For Codegeist 2022 we built a new Custom UI Jira app from scratch. It is called Project Milestones for Jira. This time we didn’t have an app to migrate from server to cloud where the concept was already defined. We decided to do something new with a part of Forge we didn’t use before for the Jira apps building.
The project milestones app adds a project page to each project in Jira where users can split up their project into smaller pieces called milestones. Imagine you have a large project running for several years. Of course, you can summarize issues in epics and plan stories in sprints. But sprints usually have a length of two weeks. What about the long-term goals and steps that needed to be achieved during the project? They can be planned with the project milestones app.
The project page module in Forge was something new to us. We started with a blank page we had to fill with content. Furthermore, it is the first app where we don’t take content from Jira and modify it (like with Epic Clone), but we create our own Jira app content and store it in a project.
For that purpose, we used the Forge Properties API. Beside the project page we also add an issue panel which can display information from the project milestones in a Jira issue. That means that with this Jira app we have two Forge modules in one app for the first time.
UI implementation of Jira app
When looking at the front-end implementation of the Jira app, the most challenging part was to fill the blank page with content. We realized early on that just adding some information to the page makes it more confusing. We had to use custom styles to arrange the list of milestones appropriately. For that purpose, we used styled div and span elements loaded from a styles file where they are defined. What was new to us was that we are able to pass attributes to the styled components which change their appearance.
For example, we added the information if a milestone is complete or not to the styled components and when it is completed, it is displayed with a green background. If not completed, the background is white.
The scrolling behavior on both project page and in the issue panel was a challenge. With wrong settings, the buttons on a modal dialog suddenly moved outside of the dialog or content flowed over the borders of the page. It was tricky to find the right settings but finally we managed it for project page and modal dialogs. However, for issue view we are still not completely satisfied with the scrolling behavior. We are trying to find a way to show a select list that can be displayed also partly outside the panel borders.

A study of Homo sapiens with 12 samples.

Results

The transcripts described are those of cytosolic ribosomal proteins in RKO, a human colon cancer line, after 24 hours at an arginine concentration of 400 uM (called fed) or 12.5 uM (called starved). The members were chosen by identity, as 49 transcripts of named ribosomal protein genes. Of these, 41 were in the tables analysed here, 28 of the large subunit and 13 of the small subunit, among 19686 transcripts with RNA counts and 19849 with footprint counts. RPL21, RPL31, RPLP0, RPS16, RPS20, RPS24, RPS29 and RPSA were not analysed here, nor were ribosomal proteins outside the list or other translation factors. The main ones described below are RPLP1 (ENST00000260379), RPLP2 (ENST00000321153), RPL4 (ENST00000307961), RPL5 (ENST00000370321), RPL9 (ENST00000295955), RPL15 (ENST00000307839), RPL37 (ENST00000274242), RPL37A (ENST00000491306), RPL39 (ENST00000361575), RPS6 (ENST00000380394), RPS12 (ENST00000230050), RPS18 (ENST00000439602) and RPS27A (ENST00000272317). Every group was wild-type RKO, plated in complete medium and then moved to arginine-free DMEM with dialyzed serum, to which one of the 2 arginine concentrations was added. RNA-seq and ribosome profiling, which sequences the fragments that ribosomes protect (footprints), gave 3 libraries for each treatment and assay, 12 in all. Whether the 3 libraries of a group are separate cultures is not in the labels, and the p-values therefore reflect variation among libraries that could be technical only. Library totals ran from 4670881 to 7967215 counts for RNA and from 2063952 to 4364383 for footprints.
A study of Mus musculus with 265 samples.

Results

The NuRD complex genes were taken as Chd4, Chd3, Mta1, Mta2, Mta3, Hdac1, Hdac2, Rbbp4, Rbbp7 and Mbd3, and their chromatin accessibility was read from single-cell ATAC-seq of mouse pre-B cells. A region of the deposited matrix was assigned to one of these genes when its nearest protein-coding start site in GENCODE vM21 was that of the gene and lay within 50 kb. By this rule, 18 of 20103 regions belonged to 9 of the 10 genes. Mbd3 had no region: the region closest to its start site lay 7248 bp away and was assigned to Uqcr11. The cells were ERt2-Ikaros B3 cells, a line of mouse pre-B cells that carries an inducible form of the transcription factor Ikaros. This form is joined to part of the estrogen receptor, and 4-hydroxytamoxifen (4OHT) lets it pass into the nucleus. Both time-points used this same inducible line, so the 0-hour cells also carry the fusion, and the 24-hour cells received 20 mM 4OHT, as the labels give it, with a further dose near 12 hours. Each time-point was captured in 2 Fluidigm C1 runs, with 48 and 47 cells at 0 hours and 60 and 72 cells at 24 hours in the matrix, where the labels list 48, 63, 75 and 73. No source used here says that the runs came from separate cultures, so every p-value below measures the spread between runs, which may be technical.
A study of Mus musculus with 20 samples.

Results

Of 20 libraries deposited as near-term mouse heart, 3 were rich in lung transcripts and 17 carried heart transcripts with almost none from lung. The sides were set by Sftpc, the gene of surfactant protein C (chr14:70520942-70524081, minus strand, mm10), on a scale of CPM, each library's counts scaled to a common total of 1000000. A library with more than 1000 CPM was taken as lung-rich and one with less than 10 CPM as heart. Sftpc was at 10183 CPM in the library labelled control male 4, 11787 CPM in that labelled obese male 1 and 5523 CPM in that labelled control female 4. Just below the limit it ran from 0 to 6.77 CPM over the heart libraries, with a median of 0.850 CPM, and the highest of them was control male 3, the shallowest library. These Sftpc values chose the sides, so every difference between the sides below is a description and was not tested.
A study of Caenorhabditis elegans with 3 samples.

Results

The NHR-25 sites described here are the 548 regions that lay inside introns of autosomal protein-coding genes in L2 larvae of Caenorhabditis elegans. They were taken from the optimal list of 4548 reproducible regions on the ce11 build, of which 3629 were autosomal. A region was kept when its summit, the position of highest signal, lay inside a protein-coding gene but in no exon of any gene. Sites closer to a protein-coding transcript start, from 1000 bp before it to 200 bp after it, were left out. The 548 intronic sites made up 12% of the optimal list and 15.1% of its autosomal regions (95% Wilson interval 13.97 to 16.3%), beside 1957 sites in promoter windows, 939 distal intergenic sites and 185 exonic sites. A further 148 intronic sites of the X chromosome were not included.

For the issue view, it was a challenge to make editing possible and look good directly on the issue panel. At first, we tried to implement modal dialogs as we did it for editing on the project page. However, as we selected a small size for the panel, the dialog finally only displayed within that panel, so it wasn’t visible at all.
After searching in the community and looking into the documentation, we decided to do something else. Displaying a modal dialog from an issue panel but in front of the entire issue seemed to be too complicated. We now display the milestone select field directly on the issue panel so users can make changes directly there without a modal dialog that pops up.
Front-end implementation of the Jira app
As mentioned above, we needed two Forge modules in one Jira app, which was something new. At first, we tried to implement it by adding another static resource folder and linking it in the manifest to the issue panel module. However, this didn’t work as we got error messages saying that, for instance, certain hooks are already in use and can’t be used twice.
The display of the issue panel worked fine, but as soon as we wanted to implement a button that changes a variable via a useState hook, the error appears, and it didn’t work as expected. Looking into the community helped to find a solution here. We use the following code on top level in our App.js file to distinguish between context. When we are in the project page context, the project page code is loaded, whereas when we are on issue level, the issue view code is loaded.
Again, the community helped in this case. We weren’t the first developers with this problem.
The properties API was also something new to us we didn’t use before. We chose it instead of the storage API as we remain in the project level and don’t need to store information on top of that or information that needs to be shared across projects.
The properties API seems to be the right solution for it. We used the example app as a blueprint as it is using the same API for storage and modified the code, so it fits to our purpose. It was great that we were quite flexible in how the data we store is formatted and that we could tailor it as we need it. When you define for your app individually how data is stored, there is no surprise on what you get when you read this data on a different location (e.g. in issue view). We were able to reuse code from the project level on issue view as it was the same data we read from the storage.
Compared to Epic Clone, the focus for the project milestones Jira app was on the front-end. The back-end part was new to us, but it wasn’t as complex as it was for other apps we have built.
We hope you found this series about Forge app development helpful. Reach out to me with any questions or feedback: email@example.com.